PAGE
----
US Prez Joe Biden Meets Russian Counterpart Putin in Geneva as Summit Kicks Off


Biden met the Russian president for the first time in a decade. He last met Putin when the Russian leader was prime minister and Biden was serving as vice president, in March of 2011.

He has since called Putin both a killer and a worthy adversary. The two are likely to discuss some issues that also were central to their 2011 meeting, like trade and arms control. But this meeting comes at a low point in diplomatic relations between the two nations.

Biden says he hopes to find areas of cooperation with Putin, but he’s also expected to confront the Russian president on cybercrime, Russia’s interference in U.S. elections and other issues that have contributed to frosty relations between the two countries.

‘Won’t be easy’

For four months, the two leaders have traded sharp rhetoric. Biden repeatedly called out Putin for malicious cyberattacks by Russian-based hackers on U.S. interests, a disregard for democracy with the jailing of Russia’s foremost opposition leader and interference in American elections.

Putin, for his part, has reacted with whatabout-isms and obfuscations pointing to the Jan. 6 insurrection at the U.S. Capitol to argue that the U.S. has no business lecturing on democratic norms and insisting that the Russian government hasn’t been involved in any election interference or cyberattacks despite U.S. intelligence showing otherwise.

Biden first floated the meeting in an April phone call in which he informed Putin that he would be expelling several Russian diplomats and imposing sanctions against dozens of people and companies, part of an effort to hold the Kremlin accountable for interference in last years presidential election and the hacking of federal agencies.

The schedule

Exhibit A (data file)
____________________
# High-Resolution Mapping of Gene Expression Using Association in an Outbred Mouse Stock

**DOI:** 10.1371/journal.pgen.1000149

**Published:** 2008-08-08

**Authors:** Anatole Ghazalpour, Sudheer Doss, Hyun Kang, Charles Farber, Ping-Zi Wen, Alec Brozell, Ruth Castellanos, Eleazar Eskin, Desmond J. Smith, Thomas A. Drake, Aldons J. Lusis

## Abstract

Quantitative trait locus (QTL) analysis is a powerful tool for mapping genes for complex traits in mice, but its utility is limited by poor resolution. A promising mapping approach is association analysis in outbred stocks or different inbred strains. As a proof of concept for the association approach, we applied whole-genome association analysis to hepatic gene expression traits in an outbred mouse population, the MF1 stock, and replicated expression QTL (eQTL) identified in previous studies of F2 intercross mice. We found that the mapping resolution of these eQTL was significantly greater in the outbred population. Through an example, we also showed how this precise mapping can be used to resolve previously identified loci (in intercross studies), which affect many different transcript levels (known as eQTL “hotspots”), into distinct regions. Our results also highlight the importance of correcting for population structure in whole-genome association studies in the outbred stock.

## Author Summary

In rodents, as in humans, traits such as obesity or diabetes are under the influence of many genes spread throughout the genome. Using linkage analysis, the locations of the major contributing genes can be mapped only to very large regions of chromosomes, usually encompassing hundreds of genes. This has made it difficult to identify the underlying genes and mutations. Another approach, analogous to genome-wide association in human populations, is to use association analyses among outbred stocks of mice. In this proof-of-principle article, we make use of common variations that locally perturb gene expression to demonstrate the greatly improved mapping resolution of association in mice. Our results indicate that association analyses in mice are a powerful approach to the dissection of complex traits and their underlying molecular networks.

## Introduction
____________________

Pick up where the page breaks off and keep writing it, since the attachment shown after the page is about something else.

Biden and Putin will first hold a relatively intimate meeting joined by U.S. Secretary of State Antony Blinken and Russian Foreign Minister Sergey Lavrov. Each side will have a translator.

The meeting will then expand to include five senior aides on each side.

After the meeting concludes, Putin will hold a solo news conference and then Biden will follow suit. The White House opted against a joint news conference, deciding it did not want to appear to elevate Putin at a moment when the president is urging European allies to pressure Putin to cut out myriad provocations.

Biden sees himself with few peers on foreign policy. He traveled the globe as a member of the Senate Foreign Relations Committee and was given difficult foreign policy assignments by President Barack Obama when Biden was vice president. His portfolio included messy spots like Iraq and Ukraine and weighing the mettle of China’s Xi Jinping during his rise to power.

Biden administration officials say they think common ground can be found on arms control. International arms control groups are pressing the Russian and American leaders to start a push for new arms control by holding strategic stability talks a series of government-to-government discussions meant to sort through the many areas of disagreement and tension on the national security front.

The meeting is sure to invite comparisons with President Donald Trump’s 2018 meeting with Putin in Helsinki, where the two leaders held a joint news conference and Trump sided with Russian denials when asked whether Moscow had meddled in the 2016 presidential election.